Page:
EL PASO, Texas (CN) — As the deadline approaches for the federal government to reunify separated children with their parents, immigrant advocates in Texas say families trying to navigate the immigration system in the aftermath of the “zero tolerance” policy still face many challenges.
At a press conference on Tuesday, representatives from four legal aid groups said many reunited families remain in a state of limbo as they attempt to navigate confusing information and, at times, conflicting and coercive orders, from the federal government.
“These moments of reunification and release are incredibly chaotic, often happening in the middle of the night, and we want to make sure people understand what their obligations are,” Royce Murray, the policy director at the American Immigration Council, said.
The separations are a result of the Trump administration’s “zero tolerance” policy. The policy, which was repealed last month, sent adults who illegally crossed the border to be criminally prosecuted, while their children went to shelters sometimes located across the country.
A federal judge in California has ordered that all children who were separated from their parents when crossing the border be reunited with them by July 26.
With the deadline fast approaching, it’s not clear whether the government will make that goal.
The government has identified more than 2,500 children ages five to 17 who have been separated from their parents.
According to the Department of Justice, more than 1,400 children have either been reunified with their parents or have been cleared for reunification. An additional 217 have been released to a sponsor in the U.S.
But the government said the reunification status of 917 children remains unknown — either because their parents have already been deported, have criminal records, have waived their rights to reunification or require further evaluation of their cases.
El Paso is one of the primary detention sites for parents – and it’s where many are being reunited with their children before they’re either released with ankle monitors or sent to family detention centers, said Murray.
But the process of figuring out the reunited families’ asylum cases has been tough, Murray said, as the immigrants don’t have access to attorneys while detained.
She said some parents have reported Immigration and Customs Enforcement agents pressured them to sign paperwork promising they wouldn’t fight their case, claiming it would be the fastest way to see their children again.
“It’s not entirely clear if any of the paperwork signed by these parents was done in a knowing and willful way given the duress they were under by being separated from their children and the total lack of information and legal council that was available to them at that time,” said Murray.
The paperwork offered to the immigrants was not available in Spanish, nor were they allowed to retain copies, she said.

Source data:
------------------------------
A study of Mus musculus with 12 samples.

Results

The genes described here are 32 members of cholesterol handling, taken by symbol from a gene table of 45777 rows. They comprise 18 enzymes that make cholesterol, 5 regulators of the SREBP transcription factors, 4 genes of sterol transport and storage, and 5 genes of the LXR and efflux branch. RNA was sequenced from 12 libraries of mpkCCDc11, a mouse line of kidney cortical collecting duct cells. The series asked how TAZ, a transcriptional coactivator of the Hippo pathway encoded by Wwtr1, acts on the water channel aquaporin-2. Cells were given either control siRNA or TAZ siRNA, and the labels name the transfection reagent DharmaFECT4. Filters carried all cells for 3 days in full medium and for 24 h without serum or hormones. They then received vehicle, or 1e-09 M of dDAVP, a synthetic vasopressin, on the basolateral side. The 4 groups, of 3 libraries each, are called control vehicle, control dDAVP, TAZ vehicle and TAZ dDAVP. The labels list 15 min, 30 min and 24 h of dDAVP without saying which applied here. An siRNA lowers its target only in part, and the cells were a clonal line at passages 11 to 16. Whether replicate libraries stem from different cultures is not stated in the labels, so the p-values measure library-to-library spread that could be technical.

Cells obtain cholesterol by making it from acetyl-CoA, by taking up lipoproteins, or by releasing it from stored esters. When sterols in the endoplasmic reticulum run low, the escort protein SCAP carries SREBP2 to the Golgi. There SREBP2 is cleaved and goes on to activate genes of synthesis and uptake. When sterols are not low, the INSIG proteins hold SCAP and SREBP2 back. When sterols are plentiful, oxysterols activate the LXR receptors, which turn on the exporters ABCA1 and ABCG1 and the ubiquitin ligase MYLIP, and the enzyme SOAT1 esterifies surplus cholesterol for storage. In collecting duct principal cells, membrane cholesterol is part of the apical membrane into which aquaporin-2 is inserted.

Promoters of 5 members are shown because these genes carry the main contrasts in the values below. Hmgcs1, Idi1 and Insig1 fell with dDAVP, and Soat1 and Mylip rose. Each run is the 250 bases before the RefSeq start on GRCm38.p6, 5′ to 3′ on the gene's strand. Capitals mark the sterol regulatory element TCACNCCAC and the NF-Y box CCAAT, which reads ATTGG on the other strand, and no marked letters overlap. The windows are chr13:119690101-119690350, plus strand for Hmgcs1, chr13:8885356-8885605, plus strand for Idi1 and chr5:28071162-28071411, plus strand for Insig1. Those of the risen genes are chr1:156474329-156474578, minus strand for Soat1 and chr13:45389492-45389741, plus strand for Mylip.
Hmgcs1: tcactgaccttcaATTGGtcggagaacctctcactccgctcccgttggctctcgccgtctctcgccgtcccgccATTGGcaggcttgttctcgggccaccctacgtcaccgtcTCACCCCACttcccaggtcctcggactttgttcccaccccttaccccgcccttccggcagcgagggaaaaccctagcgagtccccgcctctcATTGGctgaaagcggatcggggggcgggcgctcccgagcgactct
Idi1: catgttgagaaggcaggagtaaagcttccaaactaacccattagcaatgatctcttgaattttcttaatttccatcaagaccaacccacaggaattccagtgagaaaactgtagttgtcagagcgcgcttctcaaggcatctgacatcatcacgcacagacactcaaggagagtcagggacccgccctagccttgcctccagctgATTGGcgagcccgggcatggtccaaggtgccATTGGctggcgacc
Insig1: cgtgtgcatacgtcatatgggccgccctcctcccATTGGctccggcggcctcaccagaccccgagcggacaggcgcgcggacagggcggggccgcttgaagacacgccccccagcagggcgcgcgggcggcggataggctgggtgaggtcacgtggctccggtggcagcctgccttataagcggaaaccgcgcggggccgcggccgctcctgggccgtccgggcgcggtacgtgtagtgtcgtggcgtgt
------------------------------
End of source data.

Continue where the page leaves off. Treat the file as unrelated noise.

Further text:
Katie Shepherd, an attorney with the Immigration Justice Campaign, said 500 parents are still detained in El Paso waiting to be transported to detention facilities outside of San Antonio.
One of those facilities is the Karnes County Residential Facility, located about 50 miles southeast of San Antonio. According to Shepherd, 55 fathers have been reunited with their children there.
But she said reunifications haven’t been easy. Some parents report their children were returned to them infested with lice and wearing dirty clothes.
“We have heard reports that kids have lost so much weight during the time of separation that they are almost unrecognizable to their parents,” Shepherd said.
The Texas Tribune reported that new court declarations from hundreds of children and adults in federal custody detail long waits for medical care, few legal resources, language barriers, and encounters with officers who told them they weren’t welcome and would soon be deported.
Federal officials pointed the Texas Tribune toward a court document from last month finding that Customs and Border Patrol complies with the legal requirement for the treatment of kids.
But the advocates worry most about the psychological damage wrought by the separations.
From the parking lot of the South Texas Family Residential Center in Dilley, Texas, Dilley Pro Bono Council Managing Attorney Shalyn Fluharty told reporters her organization is working with 31 mothers who have been reunited with their children.
Fluharty said some parents have already been issued final orders for deportation while their children have yet to see an asylum officer, which means they could be separated again.
“We cannot engage in conversations with our client that have anything to do with the idea or possibility of separation because the children and the parents completely crumble in tears,” said Fluharty.
On Tuesday, Reuters reported that David Jennings, an official with the Department of Homeland Security, urged a federal judge to swiftly deport families who had been reunited, claiming it costs more than $300 per day to house each immigrant.
But Fluharty said the government should give families time to heal and figure out the status of their cases before they make critical legal decisions.
“These decisions are impossible for our clients to make now,” she said.